Ayr Manuscript

Dating back to the reign of Robert Bruce, this manuscript incorporates some of the earliest surviving Scottish laws

What was the political situation Robert Bruce was born into?

In 1290 Margaret, heir to the Scottish throne, died with no natural successor aged only seven. The Scots turned to Edward I of England to pick a leader, in the hope of avoiding civil war.

But his choice, John Balliol, rebelled in 1296. Edward marched into the heart of Scotland, defeated him, and seized the symbol of Scottish nationality, the Stone of Destiny, at Scone.

(Edward had it incorporated within the Coronation Throne in Westminster. It remained there until 1996, when to the delight of many Scots it was returned to Edinburgh Castle.)

How did Robert become king of Scotland?

The Scots fought back against Edward, the most famous rebel being William Wallace. He trounced the English at Stirling in 1297 and was declared Guardian of Scotland. He was severely defeated the following year at Falkirk and stayed on the run until 1305, when he was captured and executed gruesomely.

Robert Bruce saw Wallace's death. He was of Norman ancestry and had sworn allegiance to Edward - but when he supported Wallace's revolt, Edward destroyed Robert's land.

They made their peace and Robert became one of the Regents of Scotland. However, in 1306, while Edward planned to take control of Scotland, Robert was wondering how to defeat him. He tried to collaborate with his nearest rival to the throne, John Comyn. But, unable to agree, Robert ended up killing Comyn during a heated argument.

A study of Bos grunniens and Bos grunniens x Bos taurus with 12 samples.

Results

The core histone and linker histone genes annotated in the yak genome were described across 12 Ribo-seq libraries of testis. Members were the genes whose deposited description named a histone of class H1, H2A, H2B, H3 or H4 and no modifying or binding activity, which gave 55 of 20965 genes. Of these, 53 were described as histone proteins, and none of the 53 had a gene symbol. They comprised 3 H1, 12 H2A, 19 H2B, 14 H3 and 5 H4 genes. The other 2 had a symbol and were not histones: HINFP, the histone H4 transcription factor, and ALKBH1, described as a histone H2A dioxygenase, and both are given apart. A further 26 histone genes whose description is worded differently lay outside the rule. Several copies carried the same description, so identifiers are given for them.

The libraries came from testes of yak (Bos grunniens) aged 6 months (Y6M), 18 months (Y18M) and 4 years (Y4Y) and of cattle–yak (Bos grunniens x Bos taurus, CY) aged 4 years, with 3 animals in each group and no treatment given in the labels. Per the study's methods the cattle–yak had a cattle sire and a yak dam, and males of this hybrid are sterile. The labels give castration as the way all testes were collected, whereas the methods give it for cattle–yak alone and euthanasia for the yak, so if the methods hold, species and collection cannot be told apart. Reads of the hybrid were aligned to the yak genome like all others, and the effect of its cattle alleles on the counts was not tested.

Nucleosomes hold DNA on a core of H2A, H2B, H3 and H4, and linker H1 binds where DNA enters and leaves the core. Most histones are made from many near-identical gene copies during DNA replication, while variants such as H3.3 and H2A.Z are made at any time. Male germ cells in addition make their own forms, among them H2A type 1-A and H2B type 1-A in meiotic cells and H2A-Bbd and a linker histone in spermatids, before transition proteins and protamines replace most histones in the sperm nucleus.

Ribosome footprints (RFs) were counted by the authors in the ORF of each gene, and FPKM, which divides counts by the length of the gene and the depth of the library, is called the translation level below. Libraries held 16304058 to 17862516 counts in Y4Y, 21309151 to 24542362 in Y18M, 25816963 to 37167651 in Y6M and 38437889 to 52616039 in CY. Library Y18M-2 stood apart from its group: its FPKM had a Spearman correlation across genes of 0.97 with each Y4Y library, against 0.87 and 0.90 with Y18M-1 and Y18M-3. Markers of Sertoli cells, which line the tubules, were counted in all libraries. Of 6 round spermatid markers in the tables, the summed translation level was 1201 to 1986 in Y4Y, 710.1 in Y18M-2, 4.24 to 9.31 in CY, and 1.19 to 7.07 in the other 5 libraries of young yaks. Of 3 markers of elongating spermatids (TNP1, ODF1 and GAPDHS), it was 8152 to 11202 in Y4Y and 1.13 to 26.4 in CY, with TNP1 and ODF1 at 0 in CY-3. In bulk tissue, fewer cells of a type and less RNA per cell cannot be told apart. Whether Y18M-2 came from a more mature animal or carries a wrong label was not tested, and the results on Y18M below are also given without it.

Robert had to act quickly for fear of arrest. On impulse he had himself crowned king of Scotland. It was a high-risk tactic, knowing what had happened to Wallace.

In 1320 Robert sent an embassy to Rome bearing the Declaration of Arbroath and asking the Pope to recognise Scottish sovereignty. The Pope thought things over for eight years, but in 1328 he finally recognised Robert as King of Scotland. The nation remained independent for another 379 years, until the Act of Union.

How did the manuscript come to be written?

The 'Ayr Manuscript' was compiled during and perhaps just after Robert's reign (1306-1329). It includes the text of some of Scotland's early laws, passed at the Parliament of Scone in 1318, with some other material. It is the second-oldest such compilation now surviving: the Register of Charters for Arbroath Abbey is thought to be slightly older.

What laws does it contain?

The acts cover all aspects of Scottish life, including the church, the army, fishing, cattle stealing, and the administration of justice, and orders that “common law and common justice be done as well to poor people as to rich people”.

Its specific provisions include allowing the use of bloodhound to catch criminals; forbidding anyone to spread rumours against the king; directions on how men should equip themselves with weapons in time of war; tax and trading measures meant to boost the economy; and - a measure as relevant today as then - restrictions on the size of nets to preserve fish stocks.